Widgets Magazine

Women’s soccer continues conference success with dominant win

In a physical game on Thursday night, No. 6 Stanford (10-2-0, 4-0-0) won 3-0 over a struggling Oregon State team (5-4-3, 1-3-0) that couldn’t seem to fend off the consistent high pressure following the kickoff.

STANFORD, CA - SEPTEMBER 7, 2014:  Stephanie Amack  during Stanford's game against Notre Dame. The Cardinal and Irish played to a 0-0 draw after two 10-minute overtime periods.

Junior defender Stephanie Amack (left) scored her second goal of the season on Thursday, a beautiful left-footed strike that was the Cardinal’s 12th goal in the last four games. (JIM SHORIN/stanfordphoto.com)

Stanford didn’t hesitate to establish dominance and control early in the game. Less than two minutes into the game, Michelle Xiao calmly headed Tegan McGrady’s cross into the goal. The rest of the first half remained in Stanford’s control, with sophomore forward Kyra Carusa finishing the first half by slotting home a shot in the top corner after receiving a clever pass from junior forward Ryan Walker-Hartshorn.

The Cardinal continued to perform at a high level through the second half, remaining dominant and putting consistent pressure on Oregon State goalkeeper Bella Geist, who ended with an astounding 10 saves on the day. The game was capped when Stanford’s Stephanie Amack stroked the ball into the corner off a free kick that was deflected to her at the top of the box.

Oregon State repeatedly failed to establish any string of possession or play that favored the Beavers. Stanford’s high-pressure style of defense led to many missed clearances and bad passes, adding to Stanford’s momentum and playing into the hands of the Cardinal offense. Even when the Stanford defense was tested, it remained stout and solid, forcing the Oregon State offense away from the goal, disarrayed.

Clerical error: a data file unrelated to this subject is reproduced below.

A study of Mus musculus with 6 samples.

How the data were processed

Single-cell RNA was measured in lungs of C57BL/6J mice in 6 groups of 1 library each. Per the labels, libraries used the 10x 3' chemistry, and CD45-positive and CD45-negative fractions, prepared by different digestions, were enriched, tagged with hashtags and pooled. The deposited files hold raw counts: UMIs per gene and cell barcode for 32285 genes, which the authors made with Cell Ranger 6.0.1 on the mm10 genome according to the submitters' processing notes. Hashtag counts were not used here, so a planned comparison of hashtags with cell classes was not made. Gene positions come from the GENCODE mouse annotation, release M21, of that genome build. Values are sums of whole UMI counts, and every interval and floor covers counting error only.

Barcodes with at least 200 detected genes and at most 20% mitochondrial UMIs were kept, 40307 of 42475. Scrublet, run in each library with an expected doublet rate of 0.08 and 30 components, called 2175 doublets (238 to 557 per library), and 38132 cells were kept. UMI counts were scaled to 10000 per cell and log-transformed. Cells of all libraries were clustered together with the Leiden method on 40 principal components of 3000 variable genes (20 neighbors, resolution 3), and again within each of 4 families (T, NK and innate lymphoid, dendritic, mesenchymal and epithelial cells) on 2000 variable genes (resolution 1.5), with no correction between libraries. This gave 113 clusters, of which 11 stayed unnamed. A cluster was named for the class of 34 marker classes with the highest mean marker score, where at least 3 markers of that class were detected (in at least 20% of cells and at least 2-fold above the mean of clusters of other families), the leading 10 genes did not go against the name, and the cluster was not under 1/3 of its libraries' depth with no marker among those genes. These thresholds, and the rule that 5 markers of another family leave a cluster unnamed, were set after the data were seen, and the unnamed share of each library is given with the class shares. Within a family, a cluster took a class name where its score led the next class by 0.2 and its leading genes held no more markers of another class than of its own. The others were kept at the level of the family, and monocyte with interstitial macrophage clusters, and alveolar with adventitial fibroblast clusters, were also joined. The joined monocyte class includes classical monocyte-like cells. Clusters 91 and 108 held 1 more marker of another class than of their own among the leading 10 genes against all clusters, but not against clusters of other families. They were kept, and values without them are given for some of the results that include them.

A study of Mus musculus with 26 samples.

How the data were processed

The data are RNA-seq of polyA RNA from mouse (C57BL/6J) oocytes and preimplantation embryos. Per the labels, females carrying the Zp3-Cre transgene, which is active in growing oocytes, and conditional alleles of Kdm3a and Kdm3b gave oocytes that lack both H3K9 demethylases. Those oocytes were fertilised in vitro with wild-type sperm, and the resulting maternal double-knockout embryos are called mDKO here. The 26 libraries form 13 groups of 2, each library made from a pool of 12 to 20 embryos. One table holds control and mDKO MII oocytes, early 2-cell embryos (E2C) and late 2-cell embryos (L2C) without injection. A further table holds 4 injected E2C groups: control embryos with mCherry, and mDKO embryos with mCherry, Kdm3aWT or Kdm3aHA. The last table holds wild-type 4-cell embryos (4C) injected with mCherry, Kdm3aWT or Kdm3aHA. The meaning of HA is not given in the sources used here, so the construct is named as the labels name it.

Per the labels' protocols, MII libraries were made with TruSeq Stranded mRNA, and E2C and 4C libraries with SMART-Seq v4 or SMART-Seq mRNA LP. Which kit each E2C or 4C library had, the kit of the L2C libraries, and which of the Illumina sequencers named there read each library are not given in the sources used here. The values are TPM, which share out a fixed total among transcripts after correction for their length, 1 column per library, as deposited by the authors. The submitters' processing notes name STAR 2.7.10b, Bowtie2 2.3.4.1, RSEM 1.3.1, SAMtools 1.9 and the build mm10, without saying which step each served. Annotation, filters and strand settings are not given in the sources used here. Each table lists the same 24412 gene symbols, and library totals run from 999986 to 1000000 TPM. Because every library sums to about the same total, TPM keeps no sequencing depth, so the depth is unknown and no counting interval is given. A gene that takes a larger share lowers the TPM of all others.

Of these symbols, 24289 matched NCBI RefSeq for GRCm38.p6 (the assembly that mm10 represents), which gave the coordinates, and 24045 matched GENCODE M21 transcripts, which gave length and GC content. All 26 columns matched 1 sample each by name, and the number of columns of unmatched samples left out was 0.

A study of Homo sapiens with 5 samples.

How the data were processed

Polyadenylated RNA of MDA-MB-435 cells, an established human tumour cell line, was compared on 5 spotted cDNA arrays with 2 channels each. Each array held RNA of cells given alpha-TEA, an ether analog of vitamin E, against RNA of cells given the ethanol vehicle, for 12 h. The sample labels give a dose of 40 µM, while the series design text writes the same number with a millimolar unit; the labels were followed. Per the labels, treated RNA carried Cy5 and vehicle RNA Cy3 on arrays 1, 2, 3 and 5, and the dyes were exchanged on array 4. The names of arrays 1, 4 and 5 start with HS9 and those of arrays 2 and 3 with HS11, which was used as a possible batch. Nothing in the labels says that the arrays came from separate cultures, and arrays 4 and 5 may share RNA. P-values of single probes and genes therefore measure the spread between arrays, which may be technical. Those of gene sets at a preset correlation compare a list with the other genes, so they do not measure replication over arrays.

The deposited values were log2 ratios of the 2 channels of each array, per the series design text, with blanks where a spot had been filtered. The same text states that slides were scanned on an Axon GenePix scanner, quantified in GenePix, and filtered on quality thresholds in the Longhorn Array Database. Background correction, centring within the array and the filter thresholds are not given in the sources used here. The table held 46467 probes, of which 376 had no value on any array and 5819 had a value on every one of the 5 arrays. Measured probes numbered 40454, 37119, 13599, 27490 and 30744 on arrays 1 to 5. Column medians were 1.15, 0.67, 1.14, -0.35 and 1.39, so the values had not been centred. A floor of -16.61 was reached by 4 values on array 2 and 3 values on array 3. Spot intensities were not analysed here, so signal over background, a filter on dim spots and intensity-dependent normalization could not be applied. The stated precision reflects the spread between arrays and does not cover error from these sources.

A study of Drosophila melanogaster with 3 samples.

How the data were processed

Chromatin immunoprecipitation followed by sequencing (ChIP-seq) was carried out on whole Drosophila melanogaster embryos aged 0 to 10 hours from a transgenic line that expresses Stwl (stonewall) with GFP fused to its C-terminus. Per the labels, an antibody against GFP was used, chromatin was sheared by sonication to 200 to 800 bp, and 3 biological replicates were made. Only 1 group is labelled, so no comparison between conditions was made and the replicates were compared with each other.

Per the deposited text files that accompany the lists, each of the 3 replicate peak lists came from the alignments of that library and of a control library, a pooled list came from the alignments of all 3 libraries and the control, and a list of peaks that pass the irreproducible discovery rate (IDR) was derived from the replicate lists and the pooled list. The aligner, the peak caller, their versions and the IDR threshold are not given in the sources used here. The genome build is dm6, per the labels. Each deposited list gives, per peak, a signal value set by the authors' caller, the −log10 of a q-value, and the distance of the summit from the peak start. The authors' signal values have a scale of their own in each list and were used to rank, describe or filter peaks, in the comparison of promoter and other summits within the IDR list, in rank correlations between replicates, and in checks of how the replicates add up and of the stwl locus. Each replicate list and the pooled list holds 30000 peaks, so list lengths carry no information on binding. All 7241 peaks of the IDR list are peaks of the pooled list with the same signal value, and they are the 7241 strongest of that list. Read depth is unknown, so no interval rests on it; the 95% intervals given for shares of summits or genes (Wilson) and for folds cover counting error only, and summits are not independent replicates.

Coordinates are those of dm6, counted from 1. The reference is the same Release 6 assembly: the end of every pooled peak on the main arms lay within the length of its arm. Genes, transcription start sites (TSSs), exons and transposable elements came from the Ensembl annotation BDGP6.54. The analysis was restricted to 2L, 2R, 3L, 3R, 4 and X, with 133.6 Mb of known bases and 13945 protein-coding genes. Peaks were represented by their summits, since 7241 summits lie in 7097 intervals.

Stanford goalkeeper Jane Campbell, who has had a remarkable season so far, was never tested throughout the game — literally. Stanford’s back line didn’t allow a single shot on goal all game.

The Stanford offense looked equally strong, totaling 19 shots against an Oregon State defense that didn’t seem equipped to play with the fast-paced passing that came with seemingly every possession by the Stanford offense.

“It really starts from the forwards and the midfielders putting the high press on,” said freshman defender Alana Cook. “If they work hard, we don’t have to do as much. It’s about staying organized and staying focused throughout the whole game.”

As the team moves on from the win, Stanford will continue its Pac-12 homestand against the Oregon Ducks (4-7-0, 1-2-0) who will be coming off a one-day rest after facing Cal.

Stanford’s dominance throughout the past few games is based on the importance the team puts on controlling the entirety of the game, as shown through Stanford’s immense gap in shots on goal (100-18).

Sophomore midfielder Andi Sullivan, leading the team with four goals, commands a high-powered Stanford offense that has more than tripled the shot tally of its opponents (232-71), keeping possession of the ball and putting consistent pressure on enemy keepers. Campbell will also look to continue leading a dominant Stanford defense, which is allowing only 0.82 goals per game on average this season.

Stanford coach Paul Ratcliffe, looking towards the next fixture against the University of Oregon, says he wants the team to keep “our speed of play and possession going, a little faster speed of play, and then creating more chances and executing, scoring more goals.”

Oregon looks to avenge its loss from last season after a Stanford victory just five minutes into the golden goal overtime. This season, the Ducks have started off slowly, coming into Northern California after having dropped a critical game to Utah in Eugene in which the Ducks looked formidable for the first half of the game then faltered immediately in the second half to give the Utes the only goal of the fixture.

Overall, Oregon struggles on the road and has not earned a victory away from Eugene, something that Stanford will look to continue.

The game will be played at Cagan Stadium on Sunday, Oct. 11 at 5 p.m.

Contact Lorenzo Rosas at enzor9 ‘at’ stanford.edu.